By Treat Metcalf, web director, Premier Handling Solutions
March 13, 2012

Editor’s Note: The following column by Treat Metcalf, Premier Handling Solutions is part of Modern’s new Other Voices column. The series, published on Wednesdays, will feature ideas, opinions and insights from end users, analysts, systems integraters and OEMs. Click on the link to learn about submitting a column for consideration.


Slowly but surely, workplaces across America are realizing the importance of ergonomics in keeping workers healthy and happy.Ergonomics is the scientific study of the way humans work, and how to reduce stress, discomfort and injury in the workplace. Whether your company employs desk jobs or manual labor or both, implementing ergonomics is a necessity.

The question is, apart from hiring an ergonomics expert to come in and overhaul your company, what are some ways you can introduce ergonomic solutions into your workplace? We’ve put together a list of ten things you can focus on to help make your warehouse, office or wherever you work, more safe and comfortable for everybody.

Identify problem areas

Be aware of bad sitting and viewing habits and eliminate them. Sitting upright and viewing a screen properly in front of the body can reduce the fatigue of an employee significantly. Identify both short-term and long-term ergonomic issues, and make sure your employees are educated with ergonomics so they can bring any potential issues to the attention of others.

Training
Properly training is vital to everyone’s general welfare. A well-known ergonomic training program is The Alexander Technique, which teaches the value of exerting the appropriate amount of effort for each particular activity, and thus helps them reduce their risk of developing a repetitive strain injury and other stress-related injuries.

Plan work paths and locations
Optimizing everyone’s daily paths through the workplace can contribute enormously to long-term ergonomic health. Place equipment and designate areas with ergonomics in mind. Reducing walking time and making equipment as accessible as possible will not only help with health and comfort, but it will also make your workplace more efficient!

Learn about your equipment
Learning how to properly operate each piece of equipment in your workplace is vital for everyone. Even those that do not regularly use a piece of equipment should still know the basic safety guidelines and operational instructions. Being properly educated about the equipment in your workplace will greatly reduce the risk of accident and injury.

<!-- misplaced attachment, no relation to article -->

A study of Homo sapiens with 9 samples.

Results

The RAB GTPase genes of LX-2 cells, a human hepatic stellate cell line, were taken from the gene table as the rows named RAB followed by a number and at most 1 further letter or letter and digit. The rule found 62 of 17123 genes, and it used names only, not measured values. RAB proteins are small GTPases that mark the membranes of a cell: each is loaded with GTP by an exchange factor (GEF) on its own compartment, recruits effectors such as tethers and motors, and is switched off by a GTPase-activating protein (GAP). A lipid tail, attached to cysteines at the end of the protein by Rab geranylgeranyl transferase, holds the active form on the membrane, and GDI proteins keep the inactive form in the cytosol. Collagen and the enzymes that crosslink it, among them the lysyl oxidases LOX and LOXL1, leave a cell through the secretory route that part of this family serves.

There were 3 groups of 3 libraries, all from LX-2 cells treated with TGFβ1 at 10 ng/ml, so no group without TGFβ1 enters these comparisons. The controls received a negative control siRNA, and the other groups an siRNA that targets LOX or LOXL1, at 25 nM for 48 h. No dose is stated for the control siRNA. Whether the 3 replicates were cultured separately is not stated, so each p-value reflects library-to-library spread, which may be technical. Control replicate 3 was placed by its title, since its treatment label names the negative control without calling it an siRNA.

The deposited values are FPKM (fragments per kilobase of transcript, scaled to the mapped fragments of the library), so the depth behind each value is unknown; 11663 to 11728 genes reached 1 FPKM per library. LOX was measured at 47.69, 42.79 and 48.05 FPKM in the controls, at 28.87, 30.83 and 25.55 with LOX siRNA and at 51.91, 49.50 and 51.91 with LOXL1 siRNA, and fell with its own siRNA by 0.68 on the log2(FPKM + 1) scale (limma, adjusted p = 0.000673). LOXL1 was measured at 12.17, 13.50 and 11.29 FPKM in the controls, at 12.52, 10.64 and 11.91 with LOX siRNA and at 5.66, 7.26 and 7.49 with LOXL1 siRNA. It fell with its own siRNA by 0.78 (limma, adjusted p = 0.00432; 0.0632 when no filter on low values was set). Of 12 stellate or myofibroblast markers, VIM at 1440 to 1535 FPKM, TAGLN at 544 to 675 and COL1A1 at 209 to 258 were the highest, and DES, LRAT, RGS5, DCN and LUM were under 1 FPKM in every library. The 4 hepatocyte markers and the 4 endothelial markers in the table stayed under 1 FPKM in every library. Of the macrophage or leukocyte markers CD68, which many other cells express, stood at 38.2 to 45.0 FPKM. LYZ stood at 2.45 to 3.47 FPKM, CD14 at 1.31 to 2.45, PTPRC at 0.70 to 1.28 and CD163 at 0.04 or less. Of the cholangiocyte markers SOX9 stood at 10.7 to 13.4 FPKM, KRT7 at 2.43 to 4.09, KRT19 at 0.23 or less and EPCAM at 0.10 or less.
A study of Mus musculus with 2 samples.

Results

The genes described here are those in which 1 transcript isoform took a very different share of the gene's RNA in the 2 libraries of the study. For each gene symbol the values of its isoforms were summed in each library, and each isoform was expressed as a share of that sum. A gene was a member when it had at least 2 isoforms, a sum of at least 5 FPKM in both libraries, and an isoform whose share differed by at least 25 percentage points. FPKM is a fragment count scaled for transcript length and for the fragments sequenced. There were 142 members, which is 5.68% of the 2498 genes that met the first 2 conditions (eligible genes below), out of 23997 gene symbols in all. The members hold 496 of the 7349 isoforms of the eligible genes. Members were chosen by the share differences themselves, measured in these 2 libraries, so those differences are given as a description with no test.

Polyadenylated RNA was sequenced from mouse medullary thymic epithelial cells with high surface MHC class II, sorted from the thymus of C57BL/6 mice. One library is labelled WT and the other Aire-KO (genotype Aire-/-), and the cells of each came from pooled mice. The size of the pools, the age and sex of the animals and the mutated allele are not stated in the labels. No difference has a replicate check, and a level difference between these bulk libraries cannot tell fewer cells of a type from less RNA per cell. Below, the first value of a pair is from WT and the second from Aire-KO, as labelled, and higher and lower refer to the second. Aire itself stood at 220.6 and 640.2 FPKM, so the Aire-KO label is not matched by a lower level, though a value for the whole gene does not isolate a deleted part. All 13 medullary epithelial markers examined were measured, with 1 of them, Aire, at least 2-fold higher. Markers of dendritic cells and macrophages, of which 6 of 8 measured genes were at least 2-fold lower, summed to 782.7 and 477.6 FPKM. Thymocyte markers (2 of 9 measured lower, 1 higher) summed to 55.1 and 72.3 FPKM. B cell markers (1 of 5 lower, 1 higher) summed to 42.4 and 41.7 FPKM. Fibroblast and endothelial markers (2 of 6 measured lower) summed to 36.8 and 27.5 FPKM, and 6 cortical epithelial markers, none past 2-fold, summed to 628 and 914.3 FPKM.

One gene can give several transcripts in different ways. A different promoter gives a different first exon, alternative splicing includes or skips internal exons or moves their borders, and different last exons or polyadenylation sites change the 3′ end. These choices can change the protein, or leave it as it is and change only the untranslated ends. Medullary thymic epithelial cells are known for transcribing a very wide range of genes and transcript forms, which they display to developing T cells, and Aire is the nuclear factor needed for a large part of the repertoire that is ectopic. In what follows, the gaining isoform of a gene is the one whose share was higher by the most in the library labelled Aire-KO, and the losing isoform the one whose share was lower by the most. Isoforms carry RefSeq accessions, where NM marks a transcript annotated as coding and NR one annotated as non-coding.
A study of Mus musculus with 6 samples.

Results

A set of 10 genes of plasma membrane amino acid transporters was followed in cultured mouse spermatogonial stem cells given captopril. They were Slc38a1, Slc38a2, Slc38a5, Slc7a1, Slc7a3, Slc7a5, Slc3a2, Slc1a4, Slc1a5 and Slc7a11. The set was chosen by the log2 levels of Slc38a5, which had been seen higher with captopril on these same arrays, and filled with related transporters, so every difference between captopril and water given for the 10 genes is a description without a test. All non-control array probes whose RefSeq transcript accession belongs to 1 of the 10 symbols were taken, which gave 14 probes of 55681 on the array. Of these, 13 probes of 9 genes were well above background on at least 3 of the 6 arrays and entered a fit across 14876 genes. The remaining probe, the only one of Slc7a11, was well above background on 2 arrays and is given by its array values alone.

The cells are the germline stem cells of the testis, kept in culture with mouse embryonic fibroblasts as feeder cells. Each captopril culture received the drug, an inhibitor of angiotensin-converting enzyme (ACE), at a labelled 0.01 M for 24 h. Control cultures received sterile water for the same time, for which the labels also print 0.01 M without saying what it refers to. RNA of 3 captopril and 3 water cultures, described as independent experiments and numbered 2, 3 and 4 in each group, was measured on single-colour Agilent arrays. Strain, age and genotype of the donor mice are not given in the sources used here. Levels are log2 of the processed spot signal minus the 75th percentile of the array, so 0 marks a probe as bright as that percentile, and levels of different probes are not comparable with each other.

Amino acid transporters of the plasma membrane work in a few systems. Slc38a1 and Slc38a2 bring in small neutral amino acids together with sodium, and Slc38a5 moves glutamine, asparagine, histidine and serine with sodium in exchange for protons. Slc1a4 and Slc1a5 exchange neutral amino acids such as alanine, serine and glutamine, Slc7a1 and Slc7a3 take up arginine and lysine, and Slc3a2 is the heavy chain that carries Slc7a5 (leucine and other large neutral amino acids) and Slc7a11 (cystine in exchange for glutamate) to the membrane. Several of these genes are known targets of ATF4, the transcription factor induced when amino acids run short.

Resolve hazards and damaged equipment
Hazards like spilled liquids and damaged equipment should be addressed as soon as possible. Operating damaged equipment is one of the leading causes of injury in the workplace, and should be avoided. Be mindful of other potential hazards and be sure to address all threats to ergonomics and safety in a timely manner.

Buy ergonomic designed equipment
Buying equipment that is designed with ergonomics specifically in mind is always a good idea. Ergonomic equipment can help save money by reducing the risk of injury, which in turn would decrease the money paid out in workers’ compensation.

Avoid Repetition
Those who perform tasks that require the same motion over and over for an extended period of time are at the most risk for work-related musculoskeletal disorders. Activities like typing, writing by hand, stapling, repetitive lifting, and standing for long periods all have the potential to become threats to ergonomics.

Take breaks
Taking breaks is probably the simplest way to avoid unneeded discomfort in the workplace. If work of any nature is being performed continuously over long periods of time, it can cause stress on the body and mind. When on a break, stretching the body can further help to alleviate pain.

Record data
When implementing ergonomics, be sure to measure the results. Track not only the number of workers’ compensation cases, but sick days and overall productivity. Many companies also survey staff on a yearly basis to gauge job satisfaction based on ergonomic factors.

Assign Jobs and Tasks to the right people
One of the most important aspects of ergonomics is recognizing that every person is different, and making sure that every person’s job is suitable for their specific needs and preferences. Open communication with employees before and during an assignment will help you be aware if a change needs to be made.

These ten things will definitely get you started on the road to a safer and happier workplace. Ergonomics is often overlooked in workplaces across America. Help fight the lack of ergonomics awareness by spreading helpful ergonomics information and sharing your ergonomic solutions.


Bob Trebilcock, executive editor, has covered materials handling, technology and supply chain topics for Modern Materials Handling since 1984. A graduate of Bowling Green State University, Trebilcock lives in Keene, NH. Contact Bob Trebilcock.